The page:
Without citing evidence, Attorney General Bill Barr denounced what he described as "planned" violence from "far-left extremist groups" on Saturday, in response to many U.S. cities erupting in protest through Friday evening over the killing of George Floyd.

Driving the news: President Trump quickly echoed Barr's statement on Twitter, saying that "'Crossing State lines to incite violence is a FEDERAL CRIME! Liberal Governors and Mayors need to get tougher on protestors or the federal government will use "the unlimited power of our Military and many arrests."

Reality check: Neither the president nor Barr provided information about why they believe protesters are crossing state lines to incite violence. Mass protests broke out Friday night in multiple U.S. cities across multiple states, with some escalating into violence and property destruction.

  • Barr's denouncement against allegedly organized demonstrations followed Trump's earlier claim on Saturday that protestors outside of the White House were "professionally organized."

What they're saying: Barr said that "outside radicals and agitators are exploiting the situation to pursue their own separate and violent agenda" and that "in many places, it appears the violence is planned, organized and driven by anarchic and left extremist groups, far-left extremist groups, using antifa-like tactics, many of whom travel from outside the state to promote the violence."

  • "It is a federal crime to cross state lines or to use interstate facilities to incite or participate in violent rioting, and we will enforce those laws," Barr said.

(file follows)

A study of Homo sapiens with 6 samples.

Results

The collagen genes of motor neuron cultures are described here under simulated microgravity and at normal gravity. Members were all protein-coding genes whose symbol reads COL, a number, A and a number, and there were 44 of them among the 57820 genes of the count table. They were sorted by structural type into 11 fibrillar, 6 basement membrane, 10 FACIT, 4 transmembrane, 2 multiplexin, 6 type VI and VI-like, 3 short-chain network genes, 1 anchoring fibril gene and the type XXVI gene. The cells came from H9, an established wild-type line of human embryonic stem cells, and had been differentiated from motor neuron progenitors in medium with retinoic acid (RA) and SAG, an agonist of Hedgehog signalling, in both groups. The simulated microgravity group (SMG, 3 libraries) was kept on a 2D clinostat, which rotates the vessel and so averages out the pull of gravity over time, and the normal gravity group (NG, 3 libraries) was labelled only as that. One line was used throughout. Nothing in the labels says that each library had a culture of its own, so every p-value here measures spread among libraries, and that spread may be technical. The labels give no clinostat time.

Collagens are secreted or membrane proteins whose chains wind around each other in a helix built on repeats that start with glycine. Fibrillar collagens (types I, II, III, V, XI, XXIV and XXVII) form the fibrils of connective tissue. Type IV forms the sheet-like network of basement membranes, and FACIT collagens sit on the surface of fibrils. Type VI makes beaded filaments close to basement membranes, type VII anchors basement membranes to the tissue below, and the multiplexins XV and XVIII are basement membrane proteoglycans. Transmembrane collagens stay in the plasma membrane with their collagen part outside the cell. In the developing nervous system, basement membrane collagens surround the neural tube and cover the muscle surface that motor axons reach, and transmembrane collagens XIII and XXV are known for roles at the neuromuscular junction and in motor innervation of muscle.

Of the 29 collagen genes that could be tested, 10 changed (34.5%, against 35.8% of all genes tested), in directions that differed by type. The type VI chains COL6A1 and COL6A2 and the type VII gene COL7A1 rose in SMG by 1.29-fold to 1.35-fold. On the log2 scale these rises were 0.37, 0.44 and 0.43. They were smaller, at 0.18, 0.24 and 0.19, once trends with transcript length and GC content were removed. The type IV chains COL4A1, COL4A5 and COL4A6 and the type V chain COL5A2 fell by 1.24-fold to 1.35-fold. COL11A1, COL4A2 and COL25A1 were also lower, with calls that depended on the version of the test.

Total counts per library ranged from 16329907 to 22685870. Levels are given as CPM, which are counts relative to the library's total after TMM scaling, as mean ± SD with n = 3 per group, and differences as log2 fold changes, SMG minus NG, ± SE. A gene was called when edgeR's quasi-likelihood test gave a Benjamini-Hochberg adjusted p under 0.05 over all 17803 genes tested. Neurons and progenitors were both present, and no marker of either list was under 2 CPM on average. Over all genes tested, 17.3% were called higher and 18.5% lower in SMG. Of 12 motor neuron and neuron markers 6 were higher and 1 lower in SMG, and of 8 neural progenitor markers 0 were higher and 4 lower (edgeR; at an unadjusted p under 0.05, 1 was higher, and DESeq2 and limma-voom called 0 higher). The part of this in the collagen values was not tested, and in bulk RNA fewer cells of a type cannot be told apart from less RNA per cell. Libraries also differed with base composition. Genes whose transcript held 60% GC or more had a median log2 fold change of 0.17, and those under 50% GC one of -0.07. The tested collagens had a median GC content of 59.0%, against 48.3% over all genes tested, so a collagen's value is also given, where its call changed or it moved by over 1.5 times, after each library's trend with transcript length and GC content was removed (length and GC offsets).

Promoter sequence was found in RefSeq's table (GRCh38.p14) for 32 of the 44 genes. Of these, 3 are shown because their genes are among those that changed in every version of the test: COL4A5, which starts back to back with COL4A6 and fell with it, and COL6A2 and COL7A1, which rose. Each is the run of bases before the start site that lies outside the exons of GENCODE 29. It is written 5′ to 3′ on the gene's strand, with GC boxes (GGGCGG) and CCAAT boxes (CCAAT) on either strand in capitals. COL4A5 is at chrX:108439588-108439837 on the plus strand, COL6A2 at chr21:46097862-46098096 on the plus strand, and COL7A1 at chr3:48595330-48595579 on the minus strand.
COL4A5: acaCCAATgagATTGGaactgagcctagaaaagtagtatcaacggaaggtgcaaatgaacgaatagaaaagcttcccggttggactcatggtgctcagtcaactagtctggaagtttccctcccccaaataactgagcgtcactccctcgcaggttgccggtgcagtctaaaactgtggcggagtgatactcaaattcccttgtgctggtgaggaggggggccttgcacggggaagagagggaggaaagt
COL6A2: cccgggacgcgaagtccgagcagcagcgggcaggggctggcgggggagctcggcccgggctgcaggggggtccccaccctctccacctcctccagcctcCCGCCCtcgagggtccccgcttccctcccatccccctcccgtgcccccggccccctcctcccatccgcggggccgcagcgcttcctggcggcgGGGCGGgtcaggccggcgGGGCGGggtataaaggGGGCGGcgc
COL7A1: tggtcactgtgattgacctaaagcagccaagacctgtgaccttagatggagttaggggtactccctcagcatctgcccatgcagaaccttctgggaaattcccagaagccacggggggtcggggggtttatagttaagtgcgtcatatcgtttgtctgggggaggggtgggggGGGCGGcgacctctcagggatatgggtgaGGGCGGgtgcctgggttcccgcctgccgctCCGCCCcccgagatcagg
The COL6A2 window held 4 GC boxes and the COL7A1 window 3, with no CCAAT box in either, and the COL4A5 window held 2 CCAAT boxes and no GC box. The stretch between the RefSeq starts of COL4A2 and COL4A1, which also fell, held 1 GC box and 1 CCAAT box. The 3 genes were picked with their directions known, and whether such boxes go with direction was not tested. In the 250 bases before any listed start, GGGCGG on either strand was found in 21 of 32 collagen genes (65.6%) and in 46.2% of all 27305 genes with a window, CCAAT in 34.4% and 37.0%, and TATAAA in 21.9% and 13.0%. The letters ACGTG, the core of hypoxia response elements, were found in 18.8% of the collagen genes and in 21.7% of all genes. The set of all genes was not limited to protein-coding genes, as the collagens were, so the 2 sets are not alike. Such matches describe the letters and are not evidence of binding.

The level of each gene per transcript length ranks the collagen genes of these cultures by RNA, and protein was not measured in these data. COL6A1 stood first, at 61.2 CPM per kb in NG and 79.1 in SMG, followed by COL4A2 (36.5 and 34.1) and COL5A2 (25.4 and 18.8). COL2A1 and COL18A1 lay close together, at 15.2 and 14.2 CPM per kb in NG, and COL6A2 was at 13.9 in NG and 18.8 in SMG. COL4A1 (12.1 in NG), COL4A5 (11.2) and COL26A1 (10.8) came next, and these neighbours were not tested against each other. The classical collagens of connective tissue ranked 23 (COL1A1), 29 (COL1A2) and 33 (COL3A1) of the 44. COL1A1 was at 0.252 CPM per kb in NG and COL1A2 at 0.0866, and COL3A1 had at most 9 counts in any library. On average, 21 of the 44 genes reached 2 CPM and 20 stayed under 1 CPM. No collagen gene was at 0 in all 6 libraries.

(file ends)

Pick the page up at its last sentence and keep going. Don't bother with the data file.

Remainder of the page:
• "80% of the RIOTERS in Minneapolis last night were from OUT OF STATE," Trump tweeted after Barr's press conference. "They are harming businesses (especially African American small businesses), homes, and the community of good, hardworking Minneapolis residents who want peace, equality, and to provide for their families."

Go deeper ... Trump: White House protestors would be met with "vicious dogs" if they breached fence

Editor's note: This story has been updated to include the Minnesota governor and St. Paul mayor comments.

Go deeper

Bill Barr praises killing of self-proclaimed antifa member

Bill Barr in the White House in August. Photo: Drew Angerer/Getty Images

Attorney General Bill Barr in a statement Friday praised law enforcement for tracking and killing Michael Forest Reinoehl, a self-described antifa member suspected of killing a right-wing activist who was part of a pro-Trump caravan in Portland, Oregon, on Aug. 29.

Why it matters: Barr claimed that the "streets of our cities are safer" after Reinoehl's death, and that the event is an "unmistakable demonstration that the United States will be governed by law, not violent mobs."

Jimmy Carter says he's used absentee ballots for more than five years

Former U.S. President Jimmy Carter in Plains, Georgia on April 28, 2019. Photo: Paul Hennessy/NurPhoto via Getty Images

Former President Jimmy Carter released a statement in support of absentee ballots on Thursday, saying that he has "been using them for more than five years."

Driving the news: Attorney General Bill Barr in a CNN interview on Wednesday referenced a 2005 report from the Federal Election Reform, co-chaired by Carter, that said absentee ballots "remain the largest source of potential voter fraud," to argue that concerns about mail-in voting predate President Trump's push against it.

2 hours ago - World

Iran rejects nuclear talks with U.S., for now

Iranian Foreign Minister Javad Zarif at Iran/EU talks in 2015. Photo: Carlos Barria/POOL/AFP via Getty

A spokesman for Iran’s Foreign Ministry said on Sunday that conditions are not ripe for informal nuclear talks between Iran, the U.S. and other world powers.

Why it matters: The Biden administration had proposed the talks as part of its efforts to negotiate a path back to the 2015 nuclear deal. The White House expressed disappointment with Iran's response, but said it remained willing to engage with Tehran.